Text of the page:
China’s implied crude consumption showed a massive gain in February from January levels, as domestic demand for gasoline and jet fuel has surged since 2H January, after China dropped its zero-Covid policy and shifted to a full re-opening of its economy.
In addition, Chinese state-run refiners have also resumed imports of Russian crude after a brief pause last year-end, while smaller independent refiners are stepping up imports of Russian fuel oil to improve refining margins, and also cope with lower supplies of Venezuelan heavy crude.
Improving domestic demand boost refining runs, reduced product exports
China’s seaborne crude imports stood shy of 9.8mbd in February, up 0.6mbd from January’s 4-month low, as refiners were not prepared for a strong uptick in fuel demand during the Chinese New Year travel season following the sudden removal of travel restrictions. The country’s onshore crude inventories, meanwhile, declined by 35mb month-on-month in February. The incremental crude imports and draw on onshore inventories translated into a 1mbd increase in the country’s crude throughput, mostly seen among non-Shandong refiners as state-run PetroChina and Sinopec refiners were required to secure the country’s fuel supply during and after the national holidays.
Improving domestic fuel demand, coupled with cooling export margins, have also weighed on China’s product exports, despite the first batch of product export quotas issued this year being up nearly 50% from the same batch last year. Market participants are projecting that China may cut exports further by 50% m-o-m in March, in lieu of a requirement on state-run refiners to maintain sufficient oil stockpiles during the country’s National People’s Congress and the Chinese Political Consultative Conference (NPC & CPPCC). With domestic margins surpassing exports’, refiners will also prioritise selling fuel to the domestic market.
Although China’s crude throughput is unlikely to rise further in March, market participants expect China’s crude consumption to pick up in 2H 2023, after the Q2 peak refinery maintenance season, with a 0.6 – 1mbd year-on-year growth for 2023.
Chinese refiners scramble for discounted Russian oil to improve margins
Crude imports into China are showing a preliminary gain in March, led by Russian barrels, as state-run refiners resumed purchases of Urals crude from Russia’s European ports, which also encouraged some new buyers to start importing the discounted barrels. With more Russian Urals crude in transit towards the East, and the majority of March-loading Far East barrels targeting Chinese independent refienrs, China’s seaborne crude imports from Russia may surpass 1.4mbd in March, exceeding the previous record of 1.3mbd seen in June 2020.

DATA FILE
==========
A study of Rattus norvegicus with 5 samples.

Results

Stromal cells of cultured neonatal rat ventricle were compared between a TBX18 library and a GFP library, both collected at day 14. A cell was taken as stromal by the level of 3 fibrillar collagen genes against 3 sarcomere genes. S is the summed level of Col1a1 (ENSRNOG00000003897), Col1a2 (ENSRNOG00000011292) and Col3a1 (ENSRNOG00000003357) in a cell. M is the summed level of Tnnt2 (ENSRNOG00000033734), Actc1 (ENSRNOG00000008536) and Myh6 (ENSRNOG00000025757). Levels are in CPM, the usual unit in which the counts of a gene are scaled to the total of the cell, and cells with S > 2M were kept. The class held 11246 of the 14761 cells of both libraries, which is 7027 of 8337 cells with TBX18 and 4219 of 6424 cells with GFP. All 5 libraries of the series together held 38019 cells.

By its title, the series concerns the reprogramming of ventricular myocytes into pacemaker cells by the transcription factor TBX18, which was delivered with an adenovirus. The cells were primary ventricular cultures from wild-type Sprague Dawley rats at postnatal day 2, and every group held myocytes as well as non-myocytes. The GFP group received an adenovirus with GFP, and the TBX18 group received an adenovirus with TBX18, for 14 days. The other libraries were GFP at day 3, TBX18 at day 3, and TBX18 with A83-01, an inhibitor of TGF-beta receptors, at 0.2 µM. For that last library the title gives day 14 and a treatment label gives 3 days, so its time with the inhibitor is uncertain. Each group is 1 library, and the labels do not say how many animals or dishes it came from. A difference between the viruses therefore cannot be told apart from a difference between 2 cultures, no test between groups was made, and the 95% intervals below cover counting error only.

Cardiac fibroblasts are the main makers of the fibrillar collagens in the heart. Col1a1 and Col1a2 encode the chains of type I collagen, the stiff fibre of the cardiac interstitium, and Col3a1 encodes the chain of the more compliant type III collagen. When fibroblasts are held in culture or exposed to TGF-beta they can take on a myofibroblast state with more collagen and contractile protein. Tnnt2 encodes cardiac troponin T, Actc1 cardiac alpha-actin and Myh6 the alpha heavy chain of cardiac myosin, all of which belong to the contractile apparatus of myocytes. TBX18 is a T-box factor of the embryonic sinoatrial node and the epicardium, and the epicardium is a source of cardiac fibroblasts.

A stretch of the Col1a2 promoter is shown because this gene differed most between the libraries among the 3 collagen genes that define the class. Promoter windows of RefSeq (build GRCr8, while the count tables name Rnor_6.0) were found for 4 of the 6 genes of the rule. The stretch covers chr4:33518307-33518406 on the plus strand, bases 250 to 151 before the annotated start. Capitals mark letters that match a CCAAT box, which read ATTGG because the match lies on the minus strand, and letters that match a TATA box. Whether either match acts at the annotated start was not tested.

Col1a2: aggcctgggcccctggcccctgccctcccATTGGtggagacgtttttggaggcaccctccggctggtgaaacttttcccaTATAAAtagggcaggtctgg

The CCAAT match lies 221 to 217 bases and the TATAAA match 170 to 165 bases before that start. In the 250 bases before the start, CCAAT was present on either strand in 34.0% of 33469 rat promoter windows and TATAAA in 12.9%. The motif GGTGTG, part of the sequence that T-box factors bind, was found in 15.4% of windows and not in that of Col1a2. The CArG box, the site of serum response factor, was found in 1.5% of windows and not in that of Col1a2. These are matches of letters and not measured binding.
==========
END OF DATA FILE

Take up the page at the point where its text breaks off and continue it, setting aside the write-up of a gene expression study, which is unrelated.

Both state-run and independent refiners have only bought Russian oil on a delivered basis, relying on middlemen to handle payments to producers, as well as arrange for freight and insurance, as Chinese ship owners have stayed away from Russian business to avoid breaching sanctions.
Besides Russian crude grades, Shandong independent refiners also increased purchases of Russian-origin fuel oil, including barrels stored on floaters offshore Singapore to mask the country of origin. While the discounted residual feedstock improved refining margins for the Shandong refiners, their refining run rates barely picked up in February (OilChem). Some refiners even have ample crude import quotas for the year, but chose to process fuel oil instead. Total high sulphur fuel oil imports into China are estimated at 400 kbd in February, nearly double the levels seen last year, and the momentum is expected to continue as the discounts for these distillate-rich barrels remain attractive.
State-run refiners tap on term supplies to balance Russian share
China’s imports of Russian crude are expected to cool in April, on account that Russia could be cutting back on its Urals exports, and Indian refiners may have purchased a record volume of April-loading Far East cargoes, based on market discussions. State-run refiners are also reported to have purchased more Middle East barrels to fulfill their term contracts, supported by warmer political ties between China and the Middle East, in addition to ramping up imports from North America. Nonetheless, Russian oil will remain competitive to maintain its market share in China, especially in lieu of its limited pool of buyers.